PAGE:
SACRAMENTO — The Assembly on Monday passed a bill that would change the formula corporations use to calculate California income taxes, a switch that would generate an estimated $1 billion a year in new revenue for funding scholarships that would reduce college costs by two-thirds or more for middle-class students at state universities.
One Republican and the Legislature's only independent joined with all the Democrats to provide the needed two-thirds majority, 54-24.
The bill passed Monday deals with the change in the tax formula. The second part of the plan, which establishes the middle-class scholarships, was passed by the Assembly in May with 55 votes, including those of the two Republicans who represent parts of Ventura County, Jeff Gorell of Camarillo and Cameron Smyth of Santa Clarita.
Gorell voted no on the tax provision, while Smyth abstained.
Assemblyman Brian Nestande of Palm Desert was the only Republican who voted for the tax change.
The vote was a victory for Assembly Speaker John Pérez, D-Los Angeles, who has made the middle-class scholarship proposal the centerpiece of this year's legislative agenda.
"By closing this loophole, we use the money to roll back a decade's worth of fee hikes at the UC and CSU for middle class families," he said in a statement released after the vote.
The proposal calls for automatically awarding the scholarships to any student at a UC or CSU campus whose family makes less than $150,000 in annual income. Students from lower-income families, with incomes up to about $70,000, already receive Cal Grants to offset tuition costs.
The scholarships would benefit an estimated 150,000 CSU students and 44,000 UC students. In addition, the bill would provide $150 million a year to community colleges to reduce attendance costs.
The middle class is "the population that gets squeezed" by soaring college fees, Pérez said.
The bill, which now moves to the Senate, would eliminate an option for multistate and multinational corporations in calculating how much state tax they owe. They now can determine how much of their profits are subject to California taxes by using only the percentage of sales that take place here or use a three-part formula that also factors in how much of their property and payroll are in the state.
The bill would require corporations to use only the sales factor, an approach supported by many large, California-based companies, which say using the other option provides an unfair advantage to competitors based out of state.
Supporters say the switch will help the state's economy because it will remove a disincentive for out-of-state companies to open operations in California. If they use the three-part formula, their California taxes would go up if they opened facilities or hired workers here.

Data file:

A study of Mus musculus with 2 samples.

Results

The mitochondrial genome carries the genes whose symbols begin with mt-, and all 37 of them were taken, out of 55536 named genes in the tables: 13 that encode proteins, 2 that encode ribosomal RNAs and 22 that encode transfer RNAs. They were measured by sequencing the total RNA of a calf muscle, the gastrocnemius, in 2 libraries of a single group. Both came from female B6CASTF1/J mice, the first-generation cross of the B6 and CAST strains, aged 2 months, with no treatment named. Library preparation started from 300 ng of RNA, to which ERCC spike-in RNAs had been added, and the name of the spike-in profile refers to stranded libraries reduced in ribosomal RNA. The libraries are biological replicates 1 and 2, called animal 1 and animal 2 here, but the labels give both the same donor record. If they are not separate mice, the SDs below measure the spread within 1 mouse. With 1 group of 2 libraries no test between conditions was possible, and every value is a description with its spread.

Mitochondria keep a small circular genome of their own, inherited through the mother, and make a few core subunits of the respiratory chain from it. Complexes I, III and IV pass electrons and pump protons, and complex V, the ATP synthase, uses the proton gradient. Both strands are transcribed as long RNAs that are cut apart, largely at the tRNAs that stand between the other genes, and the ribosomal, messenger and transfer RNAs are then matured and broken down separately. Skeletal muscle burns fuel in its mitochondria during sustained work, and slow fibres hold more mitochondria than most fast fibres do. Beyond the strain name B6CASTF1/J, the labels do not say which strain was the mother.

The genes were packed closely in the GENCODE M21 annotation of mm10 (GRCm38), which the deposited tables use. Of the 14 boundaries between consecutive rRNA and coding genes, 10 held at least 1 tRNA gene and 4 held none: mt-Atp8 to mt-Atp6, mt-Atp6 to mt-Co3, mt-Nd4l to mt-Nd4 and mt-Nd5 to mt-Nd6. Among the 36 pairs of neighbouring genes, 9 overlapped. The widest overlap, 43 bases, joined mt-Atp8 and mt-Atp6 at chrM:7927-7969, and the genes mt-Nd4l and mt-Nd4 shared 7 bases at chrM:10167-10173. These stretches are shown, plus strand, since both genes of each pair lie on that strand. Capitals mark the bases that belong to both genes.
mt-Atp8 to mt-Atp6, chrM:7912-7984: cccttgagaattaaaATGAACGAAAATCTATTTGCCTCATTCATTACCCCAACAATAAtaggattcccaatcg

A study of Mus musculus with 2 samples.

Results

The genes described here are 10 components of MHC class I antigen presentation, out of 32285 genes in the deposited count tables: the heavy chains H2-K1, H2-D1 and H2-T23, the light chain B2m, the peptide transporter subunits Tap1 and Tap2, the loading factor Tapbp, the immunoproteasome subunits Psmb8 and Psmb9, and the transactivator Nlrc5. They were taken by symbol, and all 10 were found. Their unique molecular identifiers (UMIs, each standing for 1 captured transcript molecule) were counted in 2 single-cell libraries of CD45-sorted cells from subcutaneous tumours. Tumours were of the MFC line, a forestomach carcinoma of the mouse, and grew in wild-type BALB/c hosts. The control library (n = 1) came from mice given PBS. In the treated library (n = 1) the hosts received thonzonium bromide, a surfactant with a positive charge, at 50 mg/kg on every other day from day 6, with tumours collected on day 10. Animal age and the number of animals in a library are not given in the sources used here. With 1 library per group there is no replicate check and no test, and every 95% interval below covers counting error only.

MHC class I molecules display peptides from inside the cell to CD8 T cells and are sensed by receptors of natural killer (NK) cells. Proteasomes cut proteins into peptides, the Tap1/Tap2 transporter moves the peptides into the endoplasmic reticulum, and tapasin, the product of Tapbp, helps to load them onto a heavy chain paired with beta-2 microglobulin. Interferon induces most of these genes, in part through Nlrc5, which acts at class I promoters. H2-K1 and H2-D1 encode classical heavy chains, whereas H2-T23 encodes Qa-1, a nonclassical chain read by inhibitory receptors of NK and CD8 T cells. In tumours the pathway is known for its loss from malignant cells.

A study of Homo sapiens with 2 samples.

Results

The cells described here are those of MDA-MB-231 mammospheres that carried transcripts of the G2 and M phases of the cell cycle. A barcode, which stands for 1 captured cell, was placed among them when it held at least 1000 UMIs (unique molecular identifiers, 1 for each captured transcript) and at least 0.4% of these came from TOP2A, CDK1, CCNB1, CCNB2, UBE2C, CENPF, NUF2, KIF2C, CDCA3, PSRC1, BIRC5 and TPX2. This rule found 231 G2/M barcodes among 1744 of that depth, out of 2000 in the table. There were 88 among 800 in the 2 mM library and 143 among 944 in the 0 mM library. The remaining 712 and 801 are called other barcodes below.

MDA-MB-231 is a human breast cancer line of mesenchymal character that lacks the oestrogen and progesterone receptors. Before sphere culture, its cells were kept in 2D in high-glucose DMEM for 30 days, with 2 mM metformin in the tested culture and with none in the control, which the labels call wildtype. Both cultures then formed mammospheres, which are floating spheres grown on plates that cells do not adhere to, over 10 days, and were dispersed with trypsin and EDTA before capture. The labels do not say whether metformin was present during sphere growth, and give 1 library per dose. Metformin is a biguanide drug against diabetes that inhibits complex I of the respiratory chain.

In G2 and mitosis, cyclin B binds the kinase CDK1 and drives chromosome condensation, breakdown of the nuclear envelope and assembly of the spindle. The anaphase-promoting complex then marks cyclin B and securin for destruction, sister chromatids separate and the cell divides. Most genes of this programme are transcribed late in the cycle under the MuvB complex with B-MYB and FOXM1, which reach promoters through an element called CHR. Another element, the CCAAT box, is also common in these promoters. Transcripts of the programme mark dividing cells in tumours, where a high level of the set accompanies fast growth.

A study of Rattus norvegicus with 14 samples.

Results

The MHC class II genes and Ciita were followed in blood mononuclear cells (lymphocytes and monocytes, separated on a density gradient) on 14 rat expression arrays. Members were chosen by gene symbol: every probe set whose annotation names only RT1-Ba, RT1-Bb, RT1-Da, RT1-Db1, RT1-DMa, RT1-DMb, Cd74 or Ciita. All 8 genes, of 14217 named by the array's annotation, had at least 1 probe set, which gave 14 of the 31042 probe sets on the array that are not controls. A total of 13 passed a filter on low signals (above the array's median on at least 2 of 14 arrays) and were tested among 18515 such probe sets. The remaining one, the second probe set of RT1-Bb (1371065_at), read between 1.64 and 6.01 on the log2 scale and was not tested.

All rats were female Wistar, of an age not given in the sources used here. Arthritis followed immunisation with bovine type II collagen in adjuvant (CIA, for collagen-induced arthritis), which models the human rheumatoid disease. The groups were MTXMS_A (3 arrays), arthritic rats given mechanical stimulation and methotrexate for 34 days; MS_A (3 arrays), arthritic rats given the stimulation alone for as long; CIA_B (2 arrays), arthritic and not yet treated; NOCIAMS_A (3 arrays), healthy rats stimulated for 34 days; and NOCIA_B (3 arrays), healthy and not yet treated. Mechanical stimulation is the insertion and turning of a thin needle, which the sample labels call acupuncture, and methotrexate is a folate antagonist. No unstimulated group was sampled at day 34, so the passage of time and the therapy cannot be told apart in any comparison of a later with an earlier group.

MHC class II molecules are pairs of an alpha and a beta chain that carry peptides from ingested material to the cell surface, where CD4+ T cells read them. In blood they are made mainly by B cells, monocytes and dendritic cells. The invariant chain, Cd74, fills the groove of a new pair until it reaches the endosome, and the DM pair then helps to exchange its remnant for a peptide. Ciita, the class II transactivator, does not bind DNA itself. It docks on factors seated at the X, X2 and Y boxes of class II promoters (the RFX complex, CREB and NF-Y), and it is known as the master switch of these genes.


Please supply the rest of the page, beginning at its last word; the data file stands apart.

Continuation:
"We have a tax code here that doesn't incentivize you to create jobs here," said Nathan Fletcher, the San Diego assemblyman who left the Republican Party this spring to become an independent. "When they debated this on the floor of the Texas Legislature, they didn't say, 'Let's think about what helps California companies.' "
California is one of two states that offer the optional formula. A majority of states use the single-tax factor that AB 1500 proposes.
The change in the formula is supported by a number of California corporations, many in the technology and biotechnology industries, including Thousand Oaks-based Amgen.
Critics say the switch would amount to a $1 billion tax increase for corporations and hurt large companies that have headquarters in other states but also large operations in California. Among the most active opponents is International Paper Co., which has two facilities in Oxnard and one in Camarillo.
Assemblyman Brian Jones, R-La Mesa, said proponents seek to take from "greedy corporations" to give to the "needy middle class."
"What honorable Robin Hoods are today on the floor of the Assembly," he said.
The measure is expected to face tougher opposition in the Senate, where most observers think a two-thirds majority vote is unlikely.
In addition, Assemblyman Tony Mendoza, D-Artesia, cast a yes vote Monday only as a courtesy, saying he would like to see the Senate change the way the money is allocated.
If the proposal becomes law, the proponents of Proposition 39 on the November ballot, which seeks to change the tax formula, say they will stop campaigning for their measure. If the bill fails, they will continue to urge voters to adopt the change. Under their proposition, the revenue would be used not for college scholarships but largely for energy retrofits of public buildings that are designed to create clean-energy jobs.